The potential for workplace violence is a very real concern for companies in all industries and sectors. According to the Occupational Safety and Health Administration (OSHA), nearly 2 million U.S. workers report being the victims of workplace violence each year. What’s even more alarming is that most cases go unreported – so the actual number of incidents is likely much higher. Employers can do their part to reduce these numbers, however, by taking precautionary measures to create a safe working environment for their employees.
Workplace violence is defined as any physical assault or verbal threat that occurs in the workplace. Some incidents are minor, involving nothing more than one employee verbally threatening another. But other incidents of workplace violence are more severe, resulting in serious injury or even death. According to the U.S. Bureau of Labor Statistics (BLS), 397 workers were killed in 2013 as a result of workplace violence, which translates into roughly 9% of all work-related deaths.
When workplace violence occurs, it can negatively impact the company in several different ways. For starters, the company may lose one or more hard-working employees. And even employees who weren’t involved in the incident may experience psychological damage as a result. Other ways that workplace violence can impact a company include damage to equipment and/or goods, lower productivity (employees watch the altercation instead of working), cost of worker’s compensation, lower morale, and the potential for lawsuits.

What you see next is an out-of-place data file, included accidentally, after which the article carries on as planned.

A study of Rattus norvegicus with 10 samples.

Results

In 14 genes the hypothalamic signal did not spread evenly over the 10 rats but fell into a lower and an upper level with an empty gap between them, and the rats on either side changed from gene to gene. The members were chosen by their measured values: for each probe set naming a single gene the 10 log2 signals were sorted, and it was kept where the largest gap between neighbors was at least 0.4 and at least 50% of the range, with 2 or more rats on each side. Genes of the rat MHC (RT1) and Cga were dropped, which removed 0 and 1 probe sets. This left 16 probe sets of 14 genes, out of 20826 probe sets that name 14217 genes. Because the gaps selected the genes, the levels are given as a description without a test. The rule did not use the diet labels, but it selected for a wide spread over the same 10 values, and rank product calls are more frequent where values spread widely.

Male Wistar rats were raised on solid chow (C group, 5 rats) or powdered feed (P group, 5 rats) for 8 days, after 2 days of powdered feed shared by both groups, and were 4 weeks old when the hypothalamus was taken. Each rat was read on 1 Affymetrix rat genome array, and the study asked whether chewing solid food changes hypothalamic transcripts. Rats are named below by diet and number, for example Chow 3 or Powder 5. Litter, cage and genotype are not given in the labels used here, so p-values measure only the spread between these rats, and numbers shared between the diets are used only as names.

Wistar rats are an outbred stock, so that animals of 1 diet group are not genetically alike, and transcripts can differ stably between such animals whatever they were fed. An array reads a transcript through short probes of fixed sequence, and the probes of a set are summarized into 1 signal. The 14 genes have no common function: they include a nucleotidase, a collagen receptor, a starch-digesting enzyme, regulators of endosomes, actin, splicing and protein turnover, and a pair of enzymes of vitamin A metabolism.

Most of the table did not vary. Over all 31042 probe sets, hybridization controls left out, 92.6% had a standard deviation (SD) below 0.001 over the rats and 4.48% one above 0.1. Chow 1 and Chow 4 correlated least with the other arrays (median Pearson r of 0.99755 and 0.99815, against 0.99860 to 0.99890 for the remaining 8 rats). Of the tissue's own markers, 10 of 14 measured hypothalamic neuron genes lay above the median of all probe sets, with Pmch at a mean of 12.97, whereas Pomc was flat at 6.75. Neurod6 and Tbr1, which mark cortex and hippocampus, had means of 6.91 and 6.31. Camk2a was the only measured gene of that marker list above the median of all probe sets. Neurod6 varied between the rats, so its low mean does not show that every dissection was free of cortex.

As an employer, you have a legal obligation to provide employees with a safe working environment, and failure to take the necessary precautions to ensure employees are safe could result in a fine or other penalties. OSHA was created several decades ago to promote safe working environments for the nation’s 120 million plus workers. OSHA specifically identifies “violence” as being a workplace hazard that employers must address.
Tips To Prevent Workplace Violence:
- Create a strict “zero tolerance” policy for violence, verbal assault and threats in the workplace.
- Encourage employees to report incidents of workplace violence.
- Install video surveillance systems in high-risk locations.
- Install alarm systems with security features like panic buttons, silent alarms, etc.
- Use curved mirrors to create greater visibility around corners and hallways.
- Perform comprehensive background checks on all job applicants.
- Perform follow-up background checks on existing employees.
- Install flood lights outside and in parking lots.
- Keep detailed records of all incidents of workplace violence.